For many of us, the COVID-19 lockdown turned out to be an unexpectedly productive and inspiring period. This was certainly the case for 22-year-old Hana Irene, a London-based music artist of part Kashmiri descent, who could probably show the rest of us with up with how she used her time — to finally sit down, plan and create her own music.
Like for everyone else, the arrival of the pandemic came as a huge shock to the system but it also provided a fresh opportunity to experiment with new sounds and genres. Writing an EP from her bedroom using just an iPad and a microphone, Hana has done it all — independently producing, writing and self-funding her own music.
When I was little, my grandma used to have on all the classic Indian films like “Hero” and “Laila Majnu,” which were all dramatic love stories that also placed a heavy weighting on music and dance to push the narrative along and emphasise a character’s love, pain or anger.
The “A False Story of Love” track, from her first EP “for the night drive,” which was essentially a club-style song, with sitar sounds included, that pays homage to the Indian cinema influence and is inspired by one particular iconic singer:
One artist I couldn’t get out of my head was Lata Mangeshkar — I just fell in love with her voice. When I was a little older, my mum showed me the 1960 film “Mughal-E-Azam,” which features a song called “Mohabbat Ki Jhooti Kahani Pe Roy” which explores the idea of a false story of love.
Beyond childhood inspirations passed down by her Nani, Hana’s Western musical cues are taken from summer lockdown evenings listening to The Beatles, Lana Del Ray and Hozier. The EP strives to capture the mood of a summer romance amongst the flowers, accompanied by portable vintage radios on picnic blankets.
Yet her music also pays homage to the more addictive habits that emerged in lockdown life; referencing her music artists Benee, girl in red and Surf Mesa, all of whom gained huge popularity via social media app TikTok:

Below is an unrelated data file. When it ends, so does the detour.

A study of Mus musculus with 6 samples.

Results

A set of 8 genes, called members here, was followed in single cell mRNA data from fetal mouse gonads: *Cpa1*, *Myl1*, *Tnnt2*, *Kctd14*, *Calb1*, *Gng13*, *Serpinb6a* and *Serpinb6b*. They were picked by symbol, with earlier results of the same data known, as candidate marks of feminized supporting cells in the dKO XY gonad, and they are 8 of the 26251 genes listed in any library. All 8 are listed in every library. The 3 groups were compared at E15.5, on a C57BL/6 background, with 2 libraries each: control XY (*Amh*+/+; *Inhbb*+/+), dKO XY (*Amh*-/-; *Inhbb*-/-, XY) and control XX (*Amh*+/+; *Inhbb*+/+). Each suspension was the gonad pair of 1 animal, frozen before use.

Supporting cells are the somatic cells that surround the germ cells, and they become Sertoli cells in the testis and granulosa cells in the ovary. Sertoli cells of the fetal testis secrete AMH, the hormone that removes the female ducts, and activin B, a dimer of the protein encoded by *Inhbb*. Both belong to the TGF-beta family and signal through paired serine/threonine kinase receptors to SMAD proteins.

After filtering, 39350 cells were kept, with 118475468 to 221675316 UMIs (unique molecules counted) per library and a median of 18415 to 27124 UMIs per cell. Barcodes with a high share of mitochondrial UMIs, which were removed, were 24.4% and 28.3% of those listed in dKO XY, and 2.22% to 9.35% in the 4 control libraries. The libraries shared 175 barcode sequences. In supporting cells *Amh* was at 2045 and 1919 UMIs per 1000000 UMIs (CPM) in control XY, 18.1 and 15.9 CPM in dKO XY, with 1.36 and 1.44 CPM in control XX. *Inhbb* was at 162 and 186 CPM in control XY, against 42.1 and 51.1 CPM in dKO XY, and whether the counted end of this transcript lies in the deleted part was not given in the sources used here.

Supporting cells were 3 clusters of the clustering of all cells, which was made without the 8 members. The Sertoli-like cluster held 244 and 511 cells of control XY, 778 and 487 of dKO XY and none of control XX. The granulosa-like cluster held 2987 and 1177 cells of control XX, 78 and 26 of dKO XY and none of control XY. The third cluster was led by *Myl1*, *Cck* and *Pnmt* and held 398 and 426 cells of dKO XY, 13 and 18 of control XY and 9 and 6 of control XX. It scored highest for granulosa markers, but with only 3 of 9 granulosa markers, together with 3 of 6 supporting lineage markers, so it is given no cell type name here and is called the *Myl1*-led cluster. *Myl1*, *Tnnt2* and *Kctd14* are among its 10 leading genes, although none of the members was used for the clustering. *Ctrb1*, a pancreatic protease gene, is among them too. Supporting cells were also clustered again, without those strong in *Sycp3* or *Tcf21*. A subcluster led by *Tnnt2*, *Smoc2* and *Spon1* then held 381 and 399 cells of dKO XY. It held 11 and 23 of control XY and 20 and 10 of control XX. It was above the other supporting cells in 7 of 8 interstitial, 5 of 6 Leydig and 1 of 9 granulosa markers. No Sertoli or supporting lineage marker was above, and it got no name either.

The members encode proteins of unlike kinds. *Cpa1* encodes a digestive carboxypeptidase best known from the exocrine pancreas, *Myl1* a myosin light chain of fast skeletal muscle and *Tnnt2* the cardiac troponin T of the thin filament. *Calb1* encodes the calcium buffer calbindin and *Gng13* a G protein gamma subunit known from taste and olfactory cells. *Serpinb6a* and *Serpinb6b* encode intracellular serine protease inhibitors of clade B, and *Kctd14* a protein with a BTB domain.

If it wasn’t for lockdown, I wouldn’t have downloaded TikTok or had all this time to get inspired and want to try something new musically.
Social media is of course becoming an increasingly important aspect of our lives, particularly for an independent artist who relies on people sharing her work. Hana says she is lucky to have hugely supportive followers who lift her and her music up, as did the Twitter music community:
The pandemic did help in a weird way — more people were online every day and had the time to listen to things.
On the process of making music in her bedroom, on her iPad, Hana explains that she creates the music and base before writing the lyrics; trialing out drum kits, guitar and a range of new sounds to capture the indie mood of her work:
Once the music is done, I then have the timing sorted and the song-writing comes naturally. It will perhaps take me an hour or two to write the song.
Hana grew up writing poetry, so flow and rhyme feel second nature to her. She sends her final draft to a musician friend for the final polishes (all currently conducted virtually). Constantly experimenting with sound and genre, her musical mood changes according to the season and weather.
I would love to have my music featured on a Spotify Editorial Playlist or on BBC [Music] Introducing because I want to grow my audience and connect with people. I am also looking to do a few collaborations with other artists in my circle (a lot are from my time at university or friends of friends who are on the same path as me in that respect). Ultimately, I would love to be able to earn a living from making music and to perform live someday — just to grow more confident with this — and to understand how that side of things works logistically.
After graduating, Hana began working for an investment management company, combining her business acumen and creativity by doing marketing and SEO. But she also loves blogging and writing about music on her website (when she’s not exploring London or watching Netflix) and dreams of writing a novel or screenplay one day.
My mum is probably my biggest fan (how cliché!). She would always tell me to pursue my dreams and keep going no matter what and would take us to see live concerts and introduce us to classic films and cult films, so that we grew up constantly inspired by new forms of creativity; be it with art, music, film or theatre.
My family are all incredibly supportive as well. My grandparents request to have my music played to them on the speakers and my cousins always share my music on their social media and get their friends on board too which is wonderful. Overall, it has been very positive and I am so grateful to all my friends and family who have kind words to say about my projects.
I can only imagine how much potential talent is out there and yet, we are never allowed to witness it. My own household was unconventional for a brown girl I suppose. My sister and I did grow up in a single-parent household, so there was also a massive emphasis on female energy and being independent as a woman, which I think has shaped me as a person considerably.
For now, Hana is working on a full album, which she hopes to release next year, with a new song to drop very soon. Her advice for other brown girls wanting to follow a creative path is fearlessness, learning from your mistakes, networking and being smart with your money.
Not everyone will support you, like your work or help you but there will also be people who love it and give you the best feedback, which will encourage you to keep going.